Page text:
Introduction: Bark & Steel

About: Come spend some time in the shop. I'm a hobbyist woodworker and professional computer geek in Northern California. I guess my projects will vary widely, and I have no clue what I plan to make next...

This knife handle is made from Ponderosa Pine Bark. The patterns in the material are spectacular with flecks of black and gold.

Tools & Supplies:

Vacuum Pump
Stabilizing Chamber
Stabilizing Resin

Drill: Stationary or handheld
1/4" drill bit
Blue Painters tape (better have lots)
Epoxy Resin
Rubber Gloves
Resin Mixing
Cups Mixing sticks

Shaping & Finishing:
Belt Sander
120 grit Sandpaper
Wipe-On Poly

Step 1: Stabilizing Pine Bark

A viewer sent me out a couple of pieces of Ponderosa Pine from a tree that had to be removed at his work. It was dead standing but the bark was so thick and interesting he hoped it could be used for a project.

As it was delivered it was too flaky and fragile to be worked. But I have a system for stabilizing wood and thought I would give it try with bark.

Stabilizing resin is a bit of a strange animal and quite different than casting resin. What happens is that we submerge the material in a special resin, so that no bark is cresting above the liquid.

Since the bark is prone to float given its low weight. (314 grams as we started) I use a large weight I made to hold it under the liquid.

I then turn on my vacuum pump and draw all air out of the chamber. Including all the air inside the bark. This a time-consuming process as the bark is a very porous material. For a block of wood this size, it takes about 4 hours to complete.

11 1/2 hours. Yep. Almost 1/2 a day to remove all the air from the bark. I then release the vacuum.

As the pressure in the pot equalizes the resin rushes into all the pockets that are now void of air and fills them with stabilizing resin. After that, you soak it.

Step 2: Curing the Resin

Due to neglect, I ended up leaving this sitting in the stabilizing resin for 12 days. As I removed the weight, the bark pops right up. It's not a great sign.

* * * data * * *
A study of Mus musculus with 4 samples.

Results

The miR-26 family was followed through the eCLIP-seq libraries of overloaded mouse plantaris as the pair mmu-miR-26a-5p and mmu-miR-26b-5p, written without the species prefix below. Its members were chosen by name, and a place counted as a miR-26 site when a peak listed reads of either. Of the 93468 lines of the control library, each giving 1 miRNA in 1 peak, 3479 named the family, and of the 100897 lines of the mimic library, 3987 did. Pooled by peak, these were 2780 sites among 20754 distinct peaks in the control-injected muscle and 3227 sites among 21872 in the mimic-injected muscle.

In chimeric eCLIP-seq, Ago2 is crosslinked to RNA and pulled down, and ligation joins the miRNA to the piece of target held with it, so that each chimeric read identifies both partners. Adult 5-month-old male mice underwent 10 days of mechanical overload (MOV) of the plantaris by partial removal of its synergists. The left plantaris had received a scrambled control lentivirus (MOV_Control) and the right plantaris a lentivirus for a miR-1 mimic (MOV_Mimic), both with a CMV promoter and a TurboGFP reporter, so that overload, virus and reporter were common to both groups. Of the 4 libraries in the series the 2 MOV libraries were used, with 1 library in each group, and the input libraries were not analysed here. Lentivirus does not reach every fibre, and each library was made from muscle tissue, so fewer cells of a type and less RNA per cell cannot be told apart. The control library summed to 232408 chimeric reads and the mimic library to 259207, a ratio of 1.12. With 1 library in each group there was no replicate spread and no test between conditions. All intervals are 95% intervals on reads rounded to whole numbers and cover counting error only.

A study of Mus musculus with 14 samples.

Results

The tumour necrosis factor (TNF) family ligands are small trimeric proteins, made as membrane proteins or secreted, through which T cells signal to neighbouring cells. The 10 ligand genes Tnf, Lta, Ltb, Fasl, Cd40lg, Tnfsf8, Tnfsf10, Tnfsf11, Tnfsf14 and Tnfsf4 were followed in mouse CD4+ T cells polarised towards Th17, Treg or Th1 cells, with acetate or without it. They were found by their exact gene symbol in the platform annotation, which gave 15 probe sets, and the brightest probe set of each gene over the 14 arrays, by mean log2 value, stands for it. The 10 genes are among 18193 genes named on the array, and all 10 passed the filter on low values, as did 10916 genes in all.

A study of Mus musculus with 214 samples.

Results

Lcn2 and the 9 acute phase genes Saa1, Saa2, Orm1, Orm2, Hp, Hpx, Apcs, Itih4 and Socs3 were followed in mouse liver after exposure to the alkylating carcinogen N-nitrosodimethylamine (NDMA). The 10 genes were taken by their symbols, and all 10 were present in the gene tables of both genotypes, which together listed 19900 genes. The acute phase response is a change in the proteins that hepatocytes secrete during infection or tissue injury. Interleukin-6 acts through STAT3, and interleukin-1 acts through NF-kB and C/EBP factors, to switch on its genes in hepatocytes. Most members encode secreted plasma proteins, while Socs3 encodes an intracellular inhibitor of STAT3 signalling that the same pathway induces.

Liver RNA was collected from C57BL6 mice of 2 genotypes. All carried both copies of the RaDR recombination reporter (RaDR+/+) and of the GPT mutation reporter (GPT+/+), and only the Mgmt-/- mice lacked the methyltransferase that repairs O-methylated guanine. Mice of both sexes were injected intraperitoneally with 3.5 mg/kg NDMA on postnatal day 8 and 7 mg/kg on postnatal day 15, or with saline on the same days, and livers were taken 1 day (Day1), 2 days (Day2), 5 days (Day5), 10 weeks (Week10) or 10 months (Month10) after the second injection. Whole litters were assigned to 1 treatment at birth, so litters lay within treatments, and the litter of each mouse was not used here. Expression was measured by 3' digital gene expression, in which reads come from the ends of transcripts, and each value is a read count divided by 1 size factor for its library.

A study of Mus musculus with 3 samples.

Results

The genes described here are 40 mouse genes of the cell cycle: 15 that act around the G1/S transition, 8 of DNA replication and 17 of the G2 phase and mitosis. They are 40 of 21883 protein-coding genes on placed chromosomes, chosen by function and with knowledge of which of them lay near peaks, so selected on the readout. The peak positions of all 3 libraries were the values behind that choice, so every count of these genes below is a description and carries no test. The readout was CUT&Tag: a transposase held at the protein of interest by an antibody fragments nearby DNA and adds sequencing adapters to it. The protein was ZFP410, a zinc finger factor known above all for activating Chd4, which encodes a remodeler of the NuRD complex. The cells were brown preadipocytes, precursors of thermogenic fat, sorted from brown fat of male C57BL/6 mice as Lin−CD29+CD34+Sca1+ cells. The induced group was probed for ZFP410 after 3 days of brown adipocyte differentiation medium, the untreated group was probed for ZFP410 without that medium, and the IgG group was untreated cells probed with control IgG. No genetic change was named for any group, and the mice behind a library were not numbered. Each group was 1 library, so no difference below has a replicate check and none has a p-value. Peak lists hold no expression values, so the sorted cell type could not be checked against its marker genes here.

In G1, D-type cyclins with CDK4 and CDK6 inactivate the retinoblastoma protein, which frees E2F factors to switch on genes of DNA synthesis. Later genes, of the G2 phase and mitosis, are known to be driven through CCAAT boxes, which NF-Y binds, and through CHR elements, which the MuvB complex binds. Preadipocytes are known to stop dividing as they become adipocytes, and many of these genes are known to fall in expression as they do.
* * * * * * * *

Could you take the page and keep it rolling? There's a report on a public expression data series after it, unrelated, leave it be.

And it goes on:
The bark, which resembles a cut of brisket at this point, Is then wrapped in foil and placed into a toaster oven where the resin will cure to a hard substance. 220*F for 45mins.

The leftover resin in the pot will be filtered through coffee strainers and can be reused indefinitely.

After it comes out of the over it is denser, stronger and will no longer fall apart.

I've been told that the cell structure of bark is made specifically to pass moisture through it rather than hold it as the wood cells do. Apparently this is just the nature of the material. It didn't retain as much resin as I had hoped, but it is a world better than before the stabilizing process.

Step 3: Handle Time

As fate would have it, I received another item in my PO Box. A knife blank from a view in Australia. It seemed only fitting to marry the Pine Bark and Steel blade together. Colum & Austin I pronounce you joined.

I know next to nothing about knives. Its metal, and sharp. I've come to understand it might not be the best quality but it works well for this application.

I cut the bark down on the band saw into a couple of usable pieces. If I had done this before stabilizing it would be like layers of baklava all over my saw.

The tang is 1/4 thick and 4 " in length. I bore a corresponding hole. There are two shoulders attached to the bolster of the knife tang. I make space for them with two corresponding holes.

So as I don't cut my hands to shreds I wrap the stabby bits in tape. Also, I'd like to keep it resin-free. I decided to use some resin to secure the tang into the bark. It shouldn't take much.

I had a leak, so I wrapped the bark in painters tape as well. The tang is positioned against the bark and with some force. I want to minimize any gap there I can.

Step 4: Shaping & Finishing

After the resin cured (24 hours) It was off to the belt sander. This was the point I started to get excited as the grain of the bark began to show.
As the bark isn't very dense the sanding goes STUPID fast.

I first make the handle square on all 4 sizes...

Then added a bevel to each creating a very comfortable octagon handle. Then a couple of minutes with some 120 sandpaper pads allowed me to sand a transition from the straight lines of the handle into the oval of the knife.

For a finish, I used Wipe on Poly.
I ended up doing 8 coats. Which is more than they do for your flooring. It's a nice hard durable finish that should hold up to years of use.

Step 5: Glamour Shots

I also left a natural edge. It makes the knife handle a little long but from a style preference, I really like it.

Thanks for looking! If you have any questions I'll do my best to answer them.